JetBlue Airways announced (28-Apr-2010) plans to launch service to Ronald Reagan Washington National Airport, its third airport in the Washington region (in addition to Washington Dulles International Airport and Baltimore/Washington International Thurgood Marshall Airport), with seven daily services from Boston Logan International Airport and daily services from Fort Lauderdale-Hollywood International Airport and Orlando International Airport, effective 01-Nov-2010 - see Route Changes Table for more information. The airport will be JetBlue's 62nd destination. With the addition of the seven daily shuttle flights to Boston (complementing existing services from other Washington-area airports), JetBlue will become the largest carrier for services between Boston and the Washington DC region offering 18 daily departures. [more]
JetBlue to launch service from Ronald Reagan Washington to Fort Lauderdale and Orlando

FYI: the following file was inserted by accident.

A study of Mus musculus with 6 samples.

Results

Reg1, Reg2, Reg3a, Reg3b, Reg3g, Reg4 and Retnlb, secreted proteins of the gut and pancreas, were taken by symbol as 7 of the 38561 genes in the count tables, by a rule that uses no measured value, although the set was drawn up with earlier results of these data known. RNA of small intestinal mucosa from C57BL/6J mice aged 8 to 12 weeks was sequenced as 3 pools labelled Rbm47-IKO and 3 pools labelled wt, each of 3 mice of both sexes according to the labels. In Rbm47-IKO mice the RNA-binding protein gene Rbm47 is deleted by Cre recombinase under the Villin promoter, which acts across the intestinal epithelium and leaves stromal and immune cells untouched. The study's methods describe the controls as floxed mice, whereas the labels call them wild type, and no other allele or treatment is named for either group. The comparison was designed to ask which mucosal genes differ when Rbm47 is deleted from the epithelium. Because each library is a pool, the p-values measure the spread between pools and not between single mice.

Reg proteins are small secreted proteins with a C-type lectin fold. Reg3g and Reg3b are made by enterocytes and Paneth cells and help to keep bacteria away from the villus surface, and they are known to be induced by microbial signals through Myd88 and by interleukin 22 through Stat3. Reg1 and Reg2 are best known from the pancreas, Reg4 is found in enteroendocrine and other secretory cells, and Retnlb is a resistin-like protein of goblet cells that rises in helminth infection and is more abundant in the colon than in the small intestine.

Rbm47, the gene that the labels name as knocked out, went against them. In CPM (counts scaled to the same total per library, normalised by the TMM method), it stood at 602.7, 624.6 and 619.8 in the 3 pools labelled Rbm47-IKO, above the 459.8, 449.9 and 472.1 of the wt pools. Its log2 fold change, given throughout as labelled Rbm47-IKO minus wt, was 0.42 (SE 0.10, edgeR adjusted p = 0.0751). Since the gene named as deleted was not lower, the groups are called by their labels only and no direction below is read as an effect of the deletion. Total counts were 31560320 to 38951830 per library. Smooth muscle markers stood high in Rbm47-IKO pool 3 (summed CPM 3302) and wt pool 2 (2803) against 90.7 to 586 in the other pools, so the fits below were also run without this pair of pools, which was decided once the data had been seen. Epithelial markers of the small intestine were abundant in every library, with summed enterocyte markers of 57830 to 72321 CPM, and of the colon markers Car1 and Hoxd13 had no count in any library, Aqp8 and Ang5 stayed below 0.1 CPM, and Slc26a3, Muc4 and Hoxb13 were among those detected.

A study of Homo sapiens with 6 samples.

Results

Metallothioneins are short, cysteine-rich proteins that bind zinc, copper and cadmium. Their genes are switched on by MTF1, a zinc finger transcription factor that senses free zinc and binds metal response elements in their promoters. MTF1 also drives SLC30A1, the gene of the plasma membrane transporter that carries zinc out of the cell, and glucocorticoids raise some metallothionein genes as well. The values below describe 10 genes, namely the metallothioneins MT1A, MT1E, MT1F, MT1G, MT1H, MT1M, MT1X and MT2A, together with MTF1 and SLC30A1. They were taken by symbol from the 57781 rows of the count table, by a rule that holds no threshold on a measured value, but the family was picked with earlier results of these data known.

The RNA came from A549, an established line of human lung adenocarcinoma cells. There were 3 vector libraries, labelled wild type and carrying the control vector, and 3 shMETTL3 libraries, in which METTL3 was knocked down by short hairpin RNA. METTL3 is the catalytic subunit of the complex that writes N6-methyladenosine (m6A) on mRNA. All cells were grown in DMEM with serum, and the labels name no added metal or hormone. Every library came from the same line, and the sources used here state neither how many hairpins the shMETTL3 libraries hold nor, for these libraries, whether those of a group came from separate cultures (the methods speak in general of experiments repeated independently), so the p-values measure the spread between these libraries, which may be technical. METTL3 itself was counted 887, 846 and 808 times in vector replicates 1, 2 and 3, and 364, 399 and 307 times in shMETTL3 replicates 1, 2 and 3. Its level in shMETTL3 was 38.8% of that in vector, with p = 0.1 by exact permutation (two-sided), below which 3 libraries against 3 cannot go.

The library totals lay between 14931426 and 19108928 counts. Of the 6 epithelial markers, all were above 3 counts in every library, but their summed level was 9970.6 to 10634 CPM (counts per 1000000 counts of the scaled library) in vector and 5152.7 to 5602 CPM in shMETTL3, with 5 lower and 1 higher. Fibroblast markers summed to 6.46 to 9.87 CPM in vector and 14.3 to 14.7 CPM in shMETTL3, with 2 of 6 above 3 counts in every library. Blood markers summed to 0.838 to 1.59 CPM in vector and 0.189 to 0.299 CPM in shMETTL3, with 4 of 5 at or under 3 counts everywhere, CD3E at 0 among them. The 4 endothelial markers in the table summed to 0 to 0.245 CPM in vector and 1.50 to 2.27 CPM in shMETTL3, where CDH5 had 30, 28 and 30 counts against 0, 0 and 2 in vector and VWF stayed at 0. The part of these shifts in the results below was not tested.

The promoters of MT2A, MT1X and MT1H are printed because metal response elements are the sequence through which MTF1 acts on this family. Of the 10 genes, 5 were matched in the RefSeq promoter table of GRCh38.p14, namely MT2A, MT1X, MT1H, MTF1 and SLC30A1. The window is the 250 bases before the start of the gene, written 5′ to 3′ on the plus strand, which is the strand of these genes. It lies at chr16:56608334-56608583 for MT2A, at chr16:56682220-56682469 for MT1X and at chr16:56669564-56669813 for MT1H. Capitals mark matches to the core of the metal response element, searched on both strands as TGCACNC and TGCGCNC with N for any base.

However for now, at least, there appears to be room for both: Icelandair is not present on 12 of WOW air's European city pairs, or on three of its North American routes. Certainly the North Atlantic needs new competition, and both Icelandic airlines are helping to provide it.
Iran CAPA Aviation Summit – hope turns to frustration, but optimism remains as growth abounds
When CAPA – Centre for Aviation held its first conference in Iran at the end of Jan-2016 the atmosphere was primarily one of optimism. Immediately preceding the conference the expectation was that Iran and the West would move to rapidly reverse decades of estrangement. The first round of sanctions against Iran had come down – in line with the historic 2015 Joint Comprehensive Plan of Action (JCPOA) nuclear agreement reached between Iran and the ‘5+1’ powers – and major airlines and aircraft manufacturers were coming to the table.
While it was acknowledged that progress on major deals was not going to happen overnight, the hope was that as layers of sanctions came down, Iran would be embraced by the rest of the world. In return, Iran was expected to open itself up progressively to foreign trade and investment, and to travel.